We all know that authors responding to reviews -- especially negative reviews -- can be a dangerous thing. But what if the review is just... wrong? What if the reviewer messed up?
That's exactly what happened in the New York Times review of Patrick Somerville's latest novel, This Bright River, titled "Unmoored and Meandering: Two Twigs Swirl in the Eddies of Lifes' Stream." The title just about sums up the review; in short, the reviewer didn't like it. At some point, the adjective "soggy" is used--and adjective I'm still struggling to figure out how to apply to writing.
But this is not merely a question of a good review versus a bad review--this is a question about a right review versus a wrong review. Because, it seems, the reviewer for the New York Times got it wrong.
Apparently, the opening sequence of the book leaves the answer to the question, "Who got hit on the head?" a little ambiguous. The New York Times reviewer filled in the blanks... incorrectly. And then reviewed the book. And hated it. But what if she had figured it out correctly? What if she hadn't missed that one crucial distinction between one character and the other?
We all know how one thing can spiral a book into a land of dislike: a particularly unbelievable character; a shoddy timeline of events; the world's most awkward dialogue. Often, as a reader, I have a hard time re-immersing myself in a story when I have been abruptly pulled out by some piece of poor writing. But what if, as in the case of The Bright River, it isn't actually poor writing--it's just my own oversight?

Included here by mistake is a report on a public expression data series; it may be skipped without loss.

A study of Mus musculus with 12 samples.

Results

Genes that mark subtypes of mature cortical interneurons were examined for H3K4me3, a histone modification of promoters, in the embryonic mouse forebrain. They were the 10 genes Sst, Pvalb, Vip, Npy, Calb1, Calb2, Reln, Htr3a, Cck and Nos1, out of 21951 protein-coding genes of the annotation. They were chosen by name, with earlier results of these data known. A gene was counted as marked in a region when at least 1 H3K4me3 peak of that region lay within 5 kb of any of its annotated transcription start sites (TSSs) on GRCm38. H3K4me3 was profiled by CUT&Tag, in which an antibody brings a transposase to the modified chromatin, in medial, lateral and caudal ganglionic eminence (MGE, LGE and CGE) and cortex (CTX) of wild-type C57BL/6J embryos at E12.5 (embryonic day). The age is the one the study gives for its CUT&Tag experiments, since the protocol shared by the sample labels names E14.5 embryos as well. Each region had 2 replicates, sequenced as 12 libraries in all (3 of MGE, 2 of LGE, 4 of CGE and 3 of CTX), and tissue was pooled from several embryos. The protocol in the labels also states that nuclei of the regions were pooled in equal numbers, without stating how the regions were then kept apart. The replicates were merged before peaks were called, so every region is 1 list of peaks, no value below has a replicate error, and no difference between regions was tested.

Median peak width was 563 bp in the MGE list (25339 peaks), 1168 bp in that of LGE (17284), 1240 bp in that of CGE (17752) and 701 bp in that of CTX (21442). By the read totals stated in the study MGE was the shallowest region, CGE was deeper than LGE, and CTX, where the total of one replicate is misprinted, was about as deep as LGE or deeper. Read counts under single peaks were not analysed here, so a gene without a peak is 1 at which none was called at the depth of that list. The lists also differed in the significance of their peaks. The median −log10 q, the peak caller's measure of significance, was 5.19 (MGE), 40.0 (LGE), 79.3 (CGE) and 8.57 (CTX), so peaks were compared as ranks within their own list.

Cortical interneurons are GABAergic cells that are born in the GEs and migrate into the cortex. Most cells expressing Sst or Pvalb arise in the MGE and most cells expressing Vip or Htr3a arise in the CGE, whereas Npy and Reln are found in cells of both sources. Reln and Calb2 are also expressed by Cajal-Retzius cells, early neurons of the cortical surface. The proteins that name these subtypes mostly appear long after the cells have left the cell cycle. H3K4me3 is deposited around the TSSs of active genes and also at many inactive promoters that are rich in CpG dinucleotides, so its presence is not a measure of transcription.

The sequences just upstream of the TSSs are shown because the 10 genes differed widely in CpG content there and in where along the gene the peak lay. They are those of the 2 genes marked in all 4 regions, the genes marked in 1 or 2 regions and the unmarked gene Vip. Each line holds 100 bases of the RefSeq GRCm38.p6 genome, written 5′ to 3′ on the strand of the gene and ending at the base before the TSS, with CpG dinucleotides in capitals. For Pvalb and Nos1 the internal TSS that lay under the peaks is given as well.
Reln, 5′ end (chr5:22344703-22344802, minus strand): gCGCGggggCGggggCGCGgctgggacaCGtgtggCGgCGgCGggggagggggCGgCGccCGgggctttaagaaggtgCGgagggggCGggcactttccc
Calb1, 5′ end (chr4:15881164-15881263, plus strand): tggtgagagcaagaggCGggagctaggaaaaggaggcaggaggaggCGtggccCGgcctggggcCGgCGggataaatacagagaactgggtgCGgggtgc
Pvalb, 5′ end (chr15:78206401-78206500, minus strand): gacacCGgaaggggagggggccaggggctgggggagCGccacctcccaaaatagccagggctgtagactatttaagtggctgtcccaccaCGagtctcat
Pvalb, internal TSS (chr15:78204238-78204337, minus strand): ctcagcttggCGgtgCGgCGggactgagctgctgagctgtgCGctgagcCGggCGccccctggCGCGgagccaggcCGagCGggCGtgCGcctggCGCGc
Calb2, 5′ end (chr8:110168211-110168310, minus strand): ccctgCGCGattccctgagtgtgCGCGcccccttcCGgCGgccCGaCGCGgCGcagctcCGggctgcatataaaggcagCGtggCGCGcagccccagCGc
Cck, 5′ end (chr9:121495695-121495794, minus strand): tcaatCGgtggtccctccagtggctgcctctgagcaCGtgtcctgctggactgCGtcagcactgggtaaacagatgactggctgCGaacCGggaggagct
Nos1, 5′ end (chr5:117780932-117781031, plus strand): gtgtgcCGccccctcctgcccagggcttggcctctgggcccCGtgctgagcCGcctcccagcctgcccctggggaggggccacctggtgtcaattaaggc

I have to admit, this is one of my biggest fears when writing about books. What if I get it wrong? What if I misinterpret what the author meant? What if I read into something that isn't there, or fail to grasp some key element?
There are those that would argue that a book should stand on its own, apart from author intent; it shouldn't matter what the author meant, only what the author said. I agree with that, but I'm not talking about mere interpretation. I'm talking about instances of confusing two characters, as in the New York Times review, or the possibility of glossing over or simply forgetting some detail that is crucial to the ultimate success of a story. That strikes me as outside the author's control--but fully within the reviewer's.
For the record, the New York Times did eventually print a correction; Somerville wrote about the entire experience in this Salon piece. And to be honest, I'll bet Somerville is getting more interest in his book because of the flub than negative interest because of the poor review. Bad reviews happen all the time; mistaken reviews, we're led to believe, are less common. Or are they?